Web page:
Shinzo Abe
Japanese Prime Minister Shinzo Abe campaigns before the July 21, 2013, upper house elections, which his party won. Reuters

Prime Minister Shinzo Abe's ruling bloc won a convincing victory in the upper house election Sunday, solidifying his hold on power and establishing Japan's first stable government in years.

According to the exit polls reported by the Asahi Shimbun, Abe’s Liberal Democratic Party is expected to pick up 62 seats, while junior coalition partner New Komeito was expected to win 10 seats. The two parties only needed to win at least 63 seats combined to gain a majority in the 242-seat House of Councilors and control both Diet chambers.

Although the LDP did not appear to be winning the 72 seats that would give it a clear majority by itself in the Upper House, it was expected to win between 61 and 69 seats, while New Komeito was likely to win between 10 and 13 seats. The opposition Democratic Party of Japan was heading toward another disastrous result, with exit polls showing the party may not even win 20 seats, less than half of the number that it had that were being contested.

The victory gives the hawkish leader a stronger mandate for his "Abenomics" recipe to revive the economy, but it also raises questions over whether he will shift his focus to his nationalist agenda, or be able to keep his party in line to push through structural reforms many say are vital for growth.

The win spells a personal vindication for Abe, who led his LDP to a humiliating defeat in a 2007 upper house poll during his first term as premier, Reuters noted.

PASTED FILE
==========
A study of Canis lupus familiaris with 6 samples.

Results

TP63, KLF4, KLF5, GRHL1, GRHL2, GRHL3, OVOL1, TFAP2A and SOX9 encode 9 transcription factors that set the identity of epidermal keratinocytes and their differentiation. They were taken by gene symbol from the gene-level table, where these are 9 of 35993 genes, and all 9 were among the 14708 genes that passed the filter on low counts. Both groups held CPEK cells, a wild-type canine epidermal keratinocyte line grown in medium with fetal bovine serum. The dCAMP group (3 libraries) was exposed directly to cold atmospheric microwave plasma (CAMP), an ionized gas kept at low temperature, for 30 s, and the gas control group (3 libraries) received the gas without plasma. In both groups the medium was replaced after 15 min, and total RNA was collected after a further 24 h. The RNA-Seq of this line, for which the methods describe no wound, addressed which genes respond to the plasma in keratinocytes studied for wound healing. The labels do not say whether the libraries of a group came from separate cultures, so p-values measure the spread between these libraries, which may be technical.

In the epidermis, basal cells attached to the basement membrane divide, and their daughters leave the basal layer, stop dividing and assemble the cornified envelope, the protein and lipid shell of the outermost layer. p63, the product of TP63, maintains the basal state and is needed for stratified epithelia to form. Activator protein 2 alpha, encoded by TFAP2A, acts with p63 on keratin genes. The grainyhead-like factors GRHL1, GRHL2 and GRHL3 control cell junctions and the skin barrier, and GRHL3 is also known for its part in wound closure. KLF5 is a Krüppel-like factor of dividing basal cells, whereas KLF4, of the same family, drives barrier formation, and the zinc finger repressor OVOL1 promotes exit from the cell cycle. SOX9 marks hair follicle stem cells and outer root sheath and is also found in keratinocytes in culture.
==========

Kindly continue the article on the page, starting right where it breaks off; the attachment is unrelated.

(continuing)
The ensuing parliamentary deadlock allowed the opposition to block legislation and led to Abe's resignation two months later. He was followed by a string of revolving-door leaders.

"People wanted politics that can make decisions and an administration with a stable grounding, which led to today's result," LDP Vice President Masahiko Komura told public broadcaster NHK.

"'Abenomics' is proceeding smoothly and people want us to ensure the benefits reach them too. That feeling was strong."

Abe, 58, who returned to power after a big win in December's lower house poll for his LDP and New Komeito, has said he will remain focused on fixing the economy with a mix of loose, inflationary monetary policy, fiscal spending and a growth strategy including structural reforms. LDP leaders repeated that pledge on Sunday as the votes were being counted.

"What the public is demanding the most is to solidify the trend of economic recovery," said LDP Secretary-General Shigeru Ishiba.

Final results will be known late on Sunday or early on Monday.

No election for either house of parliament need be held until 2016.

The LDP and two smaller parties that back Abe's drive to revise Japan's pacifist constitution to legitimize the military looked to fall short of the two-thirds majority needed to take revisions of the charter to a public referendum, the exit polls showed. Those parties have two-thirds of the lower house seats.